Forestry students complete conservation projects in Montgomery County
Mar 05, 2018 | 1596 views | 0 0 comments | 6 6 recommendations | email to a friend | print

Forestry students complete conservation projects in Montgomery County

March 5, 2018 - University Marketing Communications

Members of Stephen F. Austin State University's student chapter of the Society of American Foresters recently completed a number of conservation projects with multiple organizations in Montgomery County. Pictured, forestry students Chris Longman, Tristan Clayton, Brian Smith and Andre Saenz paint a green band on a cavity tree used by the endangered red-cockaded woodpecker in W.G. Jones State Forest. The bands serve to alert biologists and the public of the tree's significance.
NACOGDOCHES, Texas - Members of Stephen F. Austin State University's student chapter of the Society of American Foresters recently collaborated with a number of partners including Rotary International, the Texas A&M Forest Service and Trees For Houston to promote conservation and urban tree health in Montgomery County.

"I applaud the students for helping make the conservation movement stronger in Montgomery County," said John Warner, urban district forester for the Texas A&M Forest Service.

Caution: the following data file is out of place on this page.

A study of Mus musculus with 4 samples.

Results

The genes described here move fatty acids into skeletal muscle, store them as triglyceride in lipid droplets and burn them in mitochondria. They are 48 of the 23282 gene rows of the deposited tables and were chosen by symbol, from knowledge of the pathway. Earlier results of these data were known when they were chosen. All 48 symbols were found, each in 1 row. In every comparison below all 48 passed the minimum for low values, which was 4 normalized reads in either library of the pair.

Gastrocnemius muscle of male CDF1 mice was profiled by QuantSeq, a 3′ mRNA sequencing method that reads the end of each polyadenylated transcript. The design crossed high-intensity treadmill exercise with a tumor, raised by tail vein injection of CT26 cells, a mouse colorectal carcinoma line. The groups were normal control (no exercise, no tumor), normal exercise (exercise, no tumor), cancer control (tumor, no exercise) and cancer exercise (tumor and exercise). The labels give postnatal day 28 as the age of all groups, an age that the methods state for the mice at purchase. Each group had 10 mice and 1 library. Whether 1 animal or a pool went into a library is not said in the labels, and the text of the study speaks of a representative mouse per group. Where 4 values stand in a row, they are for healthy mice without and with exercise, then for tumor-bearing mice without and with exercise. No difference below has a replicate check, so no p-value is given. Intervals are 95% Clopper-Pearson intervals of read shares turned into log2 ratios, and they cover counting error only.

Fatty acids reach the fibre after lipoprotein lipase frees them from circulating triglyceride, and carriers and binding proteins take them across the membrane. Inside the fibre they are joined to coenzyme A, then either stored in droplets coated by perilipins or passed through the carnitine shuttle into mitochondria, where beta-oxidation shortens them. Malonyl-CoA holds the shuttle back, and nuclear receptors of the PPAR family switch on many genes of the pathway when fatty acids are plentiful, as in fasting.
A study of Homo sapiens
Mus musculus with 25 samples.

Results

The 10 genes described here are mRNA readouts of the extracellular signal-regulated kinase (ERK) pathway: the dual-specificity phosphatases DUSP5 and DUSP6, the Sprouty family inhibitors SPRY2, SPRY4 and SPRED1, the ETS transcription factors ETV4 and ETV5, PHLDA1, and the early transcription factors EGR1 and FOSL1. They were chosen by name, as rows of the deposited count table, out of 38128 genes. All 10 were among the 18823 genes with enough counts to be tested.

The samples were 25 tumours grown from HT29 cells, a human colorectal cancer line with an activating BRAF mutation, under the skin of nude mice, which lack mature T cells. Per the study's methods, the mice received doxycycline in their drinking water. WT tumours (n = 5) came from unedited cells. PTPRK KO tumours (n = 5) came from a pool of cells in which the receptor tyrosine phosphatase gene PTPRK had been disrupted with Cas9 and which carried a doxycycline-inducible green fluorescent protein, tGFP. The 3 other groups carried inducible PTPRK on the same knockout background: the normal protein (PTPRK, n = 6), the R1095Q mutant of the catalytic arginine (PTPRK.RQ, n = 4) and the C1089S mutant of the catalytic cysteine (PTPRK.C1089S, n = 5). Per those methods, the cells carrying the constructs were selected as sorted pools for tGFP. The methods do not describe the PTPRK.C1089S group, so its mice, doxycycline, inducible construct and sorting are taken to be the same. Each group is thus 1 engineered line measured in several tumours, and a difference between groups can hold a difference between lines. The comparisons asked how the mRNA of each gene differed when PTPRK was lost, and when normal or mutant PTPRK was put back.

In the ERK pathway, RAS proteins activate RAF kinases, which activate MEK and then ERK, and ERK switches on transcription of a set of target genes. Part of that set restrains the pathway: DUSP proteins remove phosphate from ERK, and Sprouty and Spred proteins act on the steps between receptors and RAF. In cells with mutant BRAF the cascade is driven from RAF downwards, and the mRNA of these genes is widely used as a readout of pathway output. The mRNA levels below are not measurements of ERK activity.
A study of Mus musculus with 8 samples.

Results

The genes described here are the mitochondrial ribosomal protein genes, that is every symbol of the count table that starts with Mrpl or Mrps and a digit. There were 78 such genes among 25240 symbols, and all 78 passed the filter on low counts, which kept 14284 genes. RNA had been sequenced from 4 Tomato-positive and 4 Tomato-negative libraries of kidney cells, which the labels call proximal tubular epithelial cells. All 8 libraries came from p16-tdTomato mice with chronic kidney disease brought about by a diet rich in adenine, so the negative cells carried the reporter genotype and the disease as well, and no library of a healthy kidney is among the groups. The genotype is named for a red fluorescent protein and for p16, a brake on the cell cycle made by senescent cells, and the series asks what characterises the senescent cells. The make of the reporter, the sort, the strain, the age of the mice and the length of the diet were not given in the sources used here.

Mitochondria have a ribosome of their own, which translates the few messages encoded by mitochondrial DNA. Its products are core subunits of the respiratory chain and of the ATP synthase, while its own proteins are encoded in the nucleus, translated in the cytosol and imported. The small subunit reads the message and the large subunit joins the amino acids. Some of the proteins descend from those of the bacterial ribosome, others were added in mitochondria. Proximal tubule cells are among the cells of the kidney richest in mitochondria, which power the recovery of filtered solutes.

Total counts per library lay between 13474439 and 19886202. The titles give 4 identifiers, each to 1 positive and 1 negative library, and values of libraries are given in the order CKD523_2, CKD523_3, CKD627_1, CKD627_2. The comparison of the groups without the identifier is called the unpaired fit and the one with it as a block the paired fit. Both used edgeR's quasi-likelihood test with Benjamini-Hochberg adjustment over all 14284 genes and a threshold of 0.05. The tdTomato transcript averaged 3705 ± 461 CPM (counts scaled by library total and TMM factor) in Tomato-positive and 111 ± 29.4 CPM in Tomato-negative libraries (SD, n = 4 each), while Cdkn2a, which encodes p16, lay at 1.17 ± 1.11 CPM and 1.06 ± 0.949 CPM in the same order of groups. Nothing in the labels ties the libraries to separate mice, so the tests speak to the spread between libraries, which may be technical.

Forestry students Chris Longman, Tristan Clayton, Brian Smith and Andre Saenz planted a total of 60 trees, including ten pollinator specific flowering trees, on the campus of Conroe ISD's Runyan Elementary School. The students then moved on to W.G. Jones State Forest, one of the nation's largest working urban forests, where they painted green bands on 20 red-cockaded woodpecker cavity trees and constructed 25 erosion control structures for use on the property.

For a number of years, the Texas A&M Forest Service and the Texas Parks and Wildlife Department have worked diligently to implement forest management practices to ensure the endangered red-cockaded woodpecker thrives in the urban oasis of Jones State Forest. Warner explained the green bands painted by the SFA students will help biologists and the public support the conservation of the endangered avian species.

"It is a visual for maintaining a non-disruptive distance from the tree of at least 100 feet, as well as being a visual cue to everyone that this is an important habitat tree for the woodpecker," Warner said.